Colorado blue spruce trees have long been one of the more popular conifers for landscaping across the upper Midwest. Now, diseases are killing blue spruce trees across West Michigan and trees are declining at a rapid rate.

Members of the pine family, the trees are efficient growers and have a beautiful blueish foliage.

According to the Michigan State University Extension, the key symptom of spruce decline is branch dieback, which usually starts with a browning of the lower branches then progresses up the tree over the course of two to four years.

Darren Williams manages 4 Seasons Tree Service, based in Kalamazoo. He estimated his crews have taken out over 500 blue spruce trees in recent years due to fungal diseases known as needlecasts.

"It's a fungus that gets on the current year's shoots, and that's what begins to cause needle drop," Williams said.

Resources from the MSU Extension on the topic stated factors contributing to the decline included environmental changes, poor site conditions and new pathogens. Originally native to the arid Rocky Mountain region, Michigan's wetter and more humid climate in the summertime also proves ideal for fungal infections to thrive.

"If you start seeing needles drop, you can actually call your local professional arborist and they can come out and actually treat it to prevent any further fungus," Williams said.

Fungicides may be effective in preventing or controlling the disease, but will only help with future growth.

Williams said most people catch the signs too late, and the tree ends up needing removal. Tree removal can become costly, however, which Williams suggested may further the disease spread.

"They can't afford to get the tree down, then it's in the area and just tacks to other places," he said.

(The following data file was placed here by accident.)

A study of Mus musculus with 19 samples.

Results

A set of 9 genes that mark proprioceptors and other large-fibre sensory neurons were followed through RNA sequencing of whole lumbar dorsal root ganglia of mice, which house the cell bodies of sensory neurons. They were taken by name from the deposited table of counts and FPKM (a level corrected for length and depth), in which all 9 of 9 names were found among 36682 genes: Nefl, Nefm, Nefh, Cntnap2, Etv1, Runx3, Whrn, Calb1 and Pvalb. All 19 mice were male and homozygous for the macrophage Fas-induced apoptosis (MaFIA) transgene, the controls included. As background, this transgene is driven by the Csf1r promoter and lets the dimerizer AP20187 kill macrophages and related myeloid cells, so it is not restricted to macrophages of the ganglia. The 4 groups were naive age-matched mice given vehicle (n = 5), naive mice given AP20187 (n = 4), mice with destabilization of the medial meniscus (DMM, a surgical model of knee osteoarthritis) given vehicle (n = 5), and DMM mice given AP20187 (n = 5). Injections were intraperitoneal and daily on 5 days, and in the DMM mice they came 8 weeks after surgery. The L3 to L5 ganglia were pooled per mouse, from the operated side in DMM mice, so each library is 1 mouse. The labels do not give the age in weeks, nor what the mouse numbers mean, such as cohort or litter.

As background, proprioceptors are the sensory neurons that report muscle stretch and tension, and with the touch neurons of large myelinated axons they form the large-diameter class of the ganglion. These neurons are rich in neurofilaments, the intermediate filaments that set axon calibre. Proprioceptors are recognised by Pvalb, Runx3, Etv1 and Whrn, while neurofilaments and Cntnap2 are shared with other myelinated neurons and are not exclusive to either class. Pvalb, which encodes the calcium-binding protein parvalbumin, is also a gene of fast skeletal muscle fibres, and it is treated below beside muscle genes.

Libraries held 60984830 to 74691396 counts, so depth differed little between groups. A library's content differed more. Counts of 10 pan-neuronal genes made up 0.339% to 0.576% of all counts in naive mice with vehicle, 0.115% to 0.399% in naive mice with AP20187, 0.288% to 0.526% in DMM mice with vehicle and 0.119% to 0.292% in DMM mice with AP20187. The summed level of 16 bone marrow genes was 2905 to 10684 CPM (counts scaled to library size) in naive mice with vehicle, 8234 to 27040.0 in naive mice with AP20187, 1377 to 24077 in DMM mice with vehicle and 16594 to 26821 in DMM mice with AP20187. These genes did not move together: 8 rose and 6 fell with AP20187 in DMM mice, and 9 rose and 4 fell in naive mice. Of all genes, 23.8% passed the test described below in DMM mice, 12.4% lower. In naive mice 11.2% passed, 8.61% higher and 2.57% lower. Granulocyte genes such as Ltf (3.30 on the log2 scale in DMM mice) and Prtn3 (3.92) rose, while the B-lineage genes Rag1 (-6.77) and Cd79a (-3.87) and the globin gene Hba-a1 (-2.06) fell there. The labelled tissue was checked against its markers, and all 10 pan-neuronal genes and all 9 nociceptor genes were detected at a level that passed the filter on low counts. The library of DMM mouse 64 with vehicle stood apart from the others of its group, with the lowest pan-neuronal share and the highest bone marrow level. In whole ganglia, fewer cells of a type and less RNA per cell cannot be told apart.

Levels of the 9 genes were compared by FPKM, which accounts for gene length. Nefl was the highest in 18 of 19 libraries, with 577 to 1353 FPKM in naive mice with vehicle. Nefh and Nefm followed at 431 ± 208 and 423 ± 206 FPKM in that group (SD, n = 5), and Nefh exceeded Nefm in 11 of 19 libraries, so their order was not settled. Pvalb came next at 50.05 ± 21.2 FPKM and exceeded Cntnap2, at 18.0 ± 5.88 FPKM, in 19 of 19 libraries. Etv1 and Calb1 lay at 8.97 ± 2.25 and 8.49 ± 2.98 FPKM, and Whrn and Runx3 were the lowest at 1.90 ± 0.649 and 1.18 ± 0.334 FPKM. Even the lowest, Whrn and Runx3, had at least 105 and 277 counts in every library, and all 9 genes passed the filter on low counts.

Brian Litchfield, a freelance master foreman climber that works in the tree removal business, said he's also seen the problem become much more prevalent in recent years. He said canker diseases were also very prevalent in the area, which are caused by a fungi that infects branches or the main stem of trees, causing them to ooze resin.

"When I see a healthy blue spruce, it's usually surrounded by several other kinds of young trees," Litchfield said. He said the sharing of nutrients and chemicals between species can help fight many problems.

Litchfield also suggested those considering replanting pine trees to plant white pines. He said they seemed to be doing very well in the area.

While this may come as bad news for your home's landscape, rest assured Christmas tree farms shouldn't be affected.

Dan Wahmhoff is the president of Wahmhoff Farms Nursery. He said the use of fungicides in the springtime limits the spread of diseases throughout the year. He said spruce decline has significantly reduced the demand for larger blue spruce trees meant for landscaping. One MSU extension resource offered alternatives to the Colorado blue spruce species.

It may not be a lost cause for the species, however. Planting blue spruce trees on sites with conditions they favor, which include full sunlight, good air movement and excellent soil drainage may help their rate of survival.